Garage-Rock Overachiever Ty Segall Takes a Breath and Bangs a Gong on 'Sleeper,' His Only LP for 2013

8
Sleeper
Critical Mass
Release Date: August 20, 2013
Label: Drag City

by Kory Grow

On average, Ty Segall has graced three to 10 different noisy, lo-fi rock releases annually since 2006. Prolific isn't a strong enough word to describe the blonde late-twentysomething's unremitting output of staticky garage-gasms, and it says something that diluting the market so intensely hasn't gotten in the way of his burgeoning status as a critic's darling.

It further speaks to a healthy confidence level that Sleeper is billed as the "only new Ty Segall album being released in 2013," even if that's just a pseudo-humblebrag. (There's already been two solo 7-inches this year, as well as joint releases with the band Fuzz.) But if the 10 songs here are to be considered definitive snapshots of his current mindstate, they depict our hero in a state of self-reflection. Droplets of the Classic Rock as Religion gospels he absorbed as a teen — from T. Rex to Bowie to Neil Young — pour from Segall's acoustic guitar as he sings general lyrics about "sweet love," as practiced by women and men who don't care about anything else because, well, they're in love (or not in love, depending on the song).

On the surface, this is lighter than his usual fare — a little simpler and more impressionistic, less about following in the footsteps of Thee Oh Sees/ John Dwyer or keeping up with the Joneses/No Ages/Diarrhea Planets — but it's also a more mature approach, letting his minor chords drone on (but not for too long), and concentrating everything he has on his plaintive wails. Segall's still building psychedelic tapestries out of echoes and whispers, but for the most part, these songs would still betray post-hippie tendencies even if he didn't dress them in the hand-me-down vestments of his Nuggets forefathers.

Most importantly, he's discovered the power of his own voice. On 2012's Twins, his screechy, proto-metal guitar squalls took center stage; later that year, he channeled his six-string expressionism into the acid-washed psych-rock nightmares of Slaughterhouse (credited to the Ty Segall Band). But on both records, his vocals acted as just another instrument — a nasal and rhythmic squawk, a soaring glissando, a snotty nanny-nanny-boo-boo — buried in a Jag-Stang rumble familiar to fans of the Black Lips or one of his former In the Red labelmates. But here, there are no noisy guitars to hide behind.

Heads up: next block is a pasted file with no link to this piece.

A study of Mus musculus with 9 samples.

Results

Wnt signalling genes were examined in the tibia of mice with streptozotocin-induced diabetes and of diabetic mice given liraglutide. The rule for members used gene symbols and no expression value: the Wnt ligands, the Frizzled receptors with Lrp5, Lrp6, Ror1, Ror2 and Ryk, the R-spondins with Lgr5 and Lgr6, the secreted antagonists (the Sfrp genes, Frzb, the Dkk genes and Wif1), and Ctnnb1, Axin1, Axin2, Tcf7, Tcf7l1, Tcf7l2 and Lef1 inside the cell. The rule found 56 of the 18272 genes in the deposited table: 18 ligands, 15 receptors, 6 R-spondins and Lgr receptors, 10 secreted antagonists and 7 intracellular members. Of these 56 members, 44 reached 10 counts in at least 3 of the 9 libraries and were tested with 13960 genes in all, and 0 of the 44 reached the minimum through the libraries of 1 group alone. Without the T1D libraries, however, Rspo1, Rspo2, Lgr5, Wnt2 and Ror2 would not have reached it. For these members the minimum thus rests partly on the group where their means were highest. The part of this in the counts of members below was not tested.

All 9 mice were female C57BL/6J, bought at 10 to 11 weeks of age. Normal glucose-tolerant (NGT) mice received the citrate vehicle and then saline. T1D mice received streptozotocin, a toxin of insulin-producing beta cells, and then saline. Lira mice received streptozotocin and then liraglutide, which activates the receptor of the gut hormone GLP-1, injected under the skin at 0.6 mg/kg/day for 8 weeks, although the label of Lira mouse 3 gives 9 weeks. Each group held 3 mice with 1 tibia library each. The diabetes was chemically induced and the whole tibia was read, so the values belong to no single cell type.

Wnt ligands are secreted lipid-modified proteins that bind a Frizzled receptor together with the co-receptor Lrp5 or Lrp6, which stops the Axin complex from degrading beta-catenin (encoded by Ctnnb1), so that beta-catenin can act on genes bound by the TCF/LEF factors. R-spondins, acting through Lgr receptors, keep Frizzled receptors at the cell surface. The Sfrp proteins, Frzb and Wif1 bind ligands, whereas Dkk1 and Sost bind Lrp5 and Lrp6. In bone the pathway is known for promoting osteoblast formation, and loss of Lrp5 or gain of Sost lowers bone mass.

And so, right from the trudging, opening chords of Sleeper's title cut, our host's warble emerges as the lead instrument. Suddenly, we can hear him stuttering as he ruminates on dreams and sweet love, and a certain stunted pain comes through as he howls, "Oh, baby!" with the sort of conviction, the sort of honesty, that comes through when an artist believes he's the first human being to ever howl, "Oh, baby!" (Here's to you, Robert Plant.) From that moment on, each song's web of acoustic guitars, violins, and post-Marc Bolan rhythms serves as a safety net for Segall's otherwise unadorned voice, and predicting what he'll do with it next is one of this record's finest pleasures.

Musically, much of Sleeper seems to draw from Syd Barrett trippiness, Galaxie 500 haze, and even a little Exile on Main Street–style blues-rock explosiveness, but Segall doesn't approach the mic like Barrett, Dean Wareham, or Mick Jagger. Instead, he plays around with his inflection, easing himself in one toe at a time. On the strummy "The Keepers," the California-born artist adopts a difficult-to-place accent; for "Crazy," one of the album's catchiest songs, he proffers a vocal concoction one part Bowie, one part Eric Cartman, as he declaims, "He's here / He's still here / Though she is craze-uhhh," throwing in a falsetto crazeh here and there for good measure.

"She Don't Care," a sort of lyrical spin on "Babe, I'm Gonna Leave You," is the prettiest and saddest track, built on lo-fi orchestral strings and heavily strummed guitar, though it's the way Segall lilts the line "She don't care about you" in an equally carefree and damning way that truly makes the song. The most daring experiment here is "Queen Lullabye" [sic], which rumbles with ominous, bass-y reverb as he pleads, "Please don't cry" from beneath blankets of murky effects before the reverb buzz overtakes the song like a deafening bumblebee swarm.

The dearth of dramatic musical up-lighting on Sleeper throws a few of Segall's more intriguing influences in sharp relief. He's released a coupleof different EPs titled Ty Rex in the past; here, his Bolan worship further intensifies on "Sweet C.C.," though not in an obnoxious way. As he plays a pretty, T. Rex-y riff, he also drums a click-clack "Jeepster"-like rhythm on his guitar top, and by song's end he's thrown in the turnaround to the Stones' "Brown Sugar" (likely because it's just so easy in an open tuning). Although he's never tried to hide his roots (and he's often preached a gospel of post-irony in interviews), it's refreshing to hear something this reverent, especially since it distracts from various wayward lyrical entreaties ("Like a daisy, you're making the whole world cry") and a sloppy guitar solo that would sound better on a full-bore garage-rock song.

Overall, though, the absence of pretense does more good than harm here. By emphasizing his singing rather than the usual wailing walls of distortion, Segall expertly treads the fine line separating rockist classicism from lo-fi innovation. If Sleeper really is his only full release this year, at least we'll only have to wait a few months to see where 2014's half-dozen or so releases take him.